Injury and illness rates higher in special food services than in broader food services industry
October 30, 2019
Workers in the special food services industry experienced occupational injuries and illnesses requiring days away from work at a rate of 107.6 per 10,000 full-time employees in 2017. This incidence rate was higher than the rate reported for all workers in food services and drinking places, 77.9. Special food services include caterers, food trucks, and food service contractors. The industry employs nearly 700,000 workers in the United States, out of 12 million in the broader food services and drinking places industry.
All private industry workers
Food services and drinking places
Special food services
Drinking places (alcoholic beverages)
Restaurants and other eating places
Workers in special food services had higher rates of several specific types of injuries. These include sprains, strains, and tears; cuts, lacerations, and punctures; and thermal burns. Thermal burns in special food services occurred at a rate of 8.5 cases per 10,000 full-time workers. That was more than four times the private industry average (1.4). Workers in restaurants and other eating places also experienced cuts, lacerations, and punctures and thermal burns at higher rates than workers across all private industries.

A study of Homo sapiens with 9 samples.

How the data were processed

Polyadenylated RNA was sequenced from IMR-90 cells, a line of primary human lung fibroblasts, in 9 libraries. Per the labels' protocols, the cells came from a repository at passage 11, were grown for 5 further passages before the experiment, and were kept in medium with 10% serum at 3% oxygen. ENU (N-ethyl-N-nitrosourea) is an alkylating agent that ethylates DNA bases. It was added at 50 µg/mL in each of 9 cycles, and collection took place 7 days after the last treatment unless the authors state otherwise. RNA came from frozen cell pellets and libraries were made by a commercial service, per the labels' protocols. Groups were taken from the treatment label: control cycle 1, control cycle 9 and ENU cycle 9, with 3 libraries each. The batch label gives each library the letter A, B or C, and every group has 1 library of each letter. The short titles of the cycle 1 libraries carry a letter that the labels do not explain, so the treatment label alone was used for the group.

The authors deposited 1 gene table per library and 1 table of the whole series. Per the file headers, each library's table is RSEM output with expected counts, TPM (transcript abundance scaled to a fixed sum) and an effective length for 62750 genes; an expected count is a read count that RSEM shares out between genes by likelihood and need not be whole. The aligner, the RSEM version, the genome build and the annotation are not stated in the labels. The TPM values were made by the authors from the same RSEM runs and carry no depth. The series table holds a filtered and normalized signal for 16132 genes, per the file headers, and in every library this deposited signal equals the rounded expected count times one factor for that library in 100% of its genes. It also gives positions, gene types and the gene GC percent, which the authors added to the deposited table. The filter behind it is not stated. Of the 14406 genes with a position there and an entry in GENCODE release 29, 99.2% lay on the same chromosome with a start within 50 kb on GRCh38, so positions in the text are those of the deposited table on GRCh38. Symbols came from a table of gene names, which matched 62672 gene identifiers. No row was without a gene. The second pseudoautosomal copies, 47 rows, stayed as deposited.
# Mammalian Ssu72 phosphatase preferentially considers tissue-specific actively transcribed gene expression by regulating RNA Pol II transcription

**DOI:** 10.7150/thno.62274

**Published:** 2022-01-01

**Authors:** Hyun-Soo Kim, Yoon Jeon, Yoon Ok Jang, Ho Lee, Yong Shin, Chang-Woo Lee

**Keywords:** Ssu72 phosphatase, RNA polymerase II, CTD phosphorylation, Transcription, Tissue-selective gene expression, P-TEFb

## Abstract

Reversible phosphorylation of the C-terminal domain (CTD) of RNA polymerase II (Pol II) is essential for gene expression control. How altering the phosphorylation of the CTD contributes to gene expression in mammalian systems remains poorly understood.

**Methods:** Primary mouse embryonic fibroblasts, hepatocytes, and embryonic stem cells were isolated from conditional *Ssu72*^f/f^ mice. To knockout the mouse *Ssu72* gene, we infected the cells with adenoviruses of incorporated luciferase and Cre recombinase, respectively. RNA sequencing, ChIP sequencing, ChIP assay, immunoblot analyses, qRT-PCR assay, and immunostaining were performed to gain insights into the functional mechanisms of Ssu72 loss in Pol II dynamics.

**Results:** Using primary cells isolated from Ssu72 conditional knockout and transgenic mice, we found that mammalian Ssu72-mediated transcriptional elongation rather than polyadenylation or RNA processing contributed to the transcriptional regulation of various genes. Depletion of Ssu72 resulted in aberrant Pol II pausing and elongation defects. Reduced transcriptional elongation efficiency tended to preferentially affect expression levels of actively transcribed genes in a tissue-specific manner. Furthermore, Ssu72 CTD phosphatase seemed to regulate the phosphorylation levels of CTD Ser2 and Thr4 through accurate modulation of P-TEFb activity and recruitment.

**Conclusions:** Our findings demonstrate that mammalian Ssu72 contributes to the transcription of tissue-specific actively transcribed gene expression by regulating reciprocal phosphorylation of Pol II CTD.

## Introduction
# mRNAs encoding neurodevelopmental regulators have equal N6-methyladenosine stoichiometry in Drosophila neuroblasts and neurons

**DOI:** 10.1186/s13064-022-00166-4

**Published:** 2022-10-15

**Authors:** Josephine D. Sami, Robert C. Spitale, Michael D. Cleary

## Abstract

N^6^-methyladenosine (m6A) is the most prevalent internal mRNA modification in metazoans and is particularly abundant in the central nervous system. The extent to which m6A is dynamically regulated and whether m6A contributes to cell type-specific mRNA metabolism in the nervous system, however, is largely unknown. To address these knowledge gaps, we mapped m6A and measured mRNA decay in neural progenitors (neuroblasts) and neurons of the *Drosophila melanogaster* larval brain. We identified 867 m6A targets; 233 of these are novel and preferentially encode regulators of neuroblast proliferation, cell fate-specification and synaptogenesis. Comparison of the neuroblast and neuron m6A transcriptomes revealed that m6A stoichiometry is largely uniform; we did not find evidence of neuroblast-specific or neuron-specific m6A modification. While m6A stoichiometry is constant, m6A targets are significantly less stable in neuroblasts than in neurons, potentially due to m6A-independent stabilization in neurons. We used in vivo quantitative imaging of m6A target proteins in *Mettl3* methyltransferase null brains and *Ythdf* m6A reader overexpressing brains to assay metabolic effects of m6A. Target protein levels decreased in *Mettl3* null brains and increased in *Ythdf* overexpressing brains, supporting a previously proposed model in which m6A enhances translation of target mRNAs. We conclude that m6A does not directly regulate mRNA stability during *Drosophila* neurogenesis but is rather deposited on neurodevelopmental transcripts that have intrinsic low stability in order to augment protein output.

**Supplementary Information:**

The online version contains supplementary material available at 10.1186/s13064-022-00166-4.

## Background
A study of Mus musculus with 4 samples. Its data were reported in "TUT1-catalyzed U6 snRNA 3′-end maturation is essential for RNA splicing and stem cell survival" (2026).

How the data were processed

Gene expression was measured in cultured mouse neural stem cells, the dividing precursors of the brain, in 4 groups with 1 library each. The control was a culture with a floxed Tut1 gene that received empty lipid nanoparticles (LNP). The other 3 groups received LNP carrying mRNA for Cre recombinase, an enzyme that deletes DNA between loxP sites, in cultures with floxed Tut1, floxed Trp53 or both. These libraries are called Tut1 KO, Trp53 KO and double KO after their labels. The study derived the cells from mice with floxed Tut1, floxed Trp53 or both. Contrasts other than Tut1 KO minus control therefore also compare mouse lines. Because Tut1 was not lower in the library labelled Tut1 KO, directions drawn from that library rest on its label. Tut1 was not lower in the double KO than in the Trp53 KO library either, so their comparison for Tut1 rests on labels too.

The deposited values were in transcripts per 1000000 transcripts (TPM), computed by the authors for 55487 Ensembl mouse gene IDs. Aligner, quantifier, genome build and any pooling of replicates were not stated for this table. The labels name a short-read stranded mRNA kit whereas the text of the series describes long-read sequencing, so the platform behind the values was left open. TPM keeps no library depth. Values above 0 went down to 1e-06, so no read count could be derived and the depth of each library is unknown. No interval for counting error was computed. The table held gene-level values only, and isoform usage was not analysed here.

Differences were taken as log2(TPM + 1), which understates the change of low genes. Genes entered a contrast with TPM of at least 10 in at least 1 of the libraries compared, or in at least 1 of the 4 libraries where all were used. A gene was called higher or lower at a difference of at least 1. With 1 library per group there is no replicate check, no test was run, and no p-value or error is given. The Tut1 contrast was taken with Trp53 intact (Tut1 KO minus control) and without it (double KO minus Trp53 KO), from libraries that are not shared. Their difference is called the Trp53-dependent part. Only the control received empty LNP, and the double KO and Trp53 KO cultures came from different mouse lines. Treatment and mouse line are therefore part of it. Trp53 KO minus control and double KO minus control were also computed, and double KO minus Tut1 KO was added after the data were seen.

These data are from the Injuries, Illnesses, and Fatalities program. To learn more, see “Employer-Reported Workplace Injuries and Illnesses — 2017.” We will release 2018 data on nonfatal workplace injuries and illnesses on Thursday, November 7, 2019.
Bureau of Labor Statistics, U.S. Department of Labor, The Economics Daily, Injury and illness rates higher in special food services than in broader food services industry on the Internet at https://www.bls.gov/opub/ted/2019/injury-and-illness-rates-higher-in-special-food-services-than-in-broader-food-services-industry.htm (visited September 20, 2020).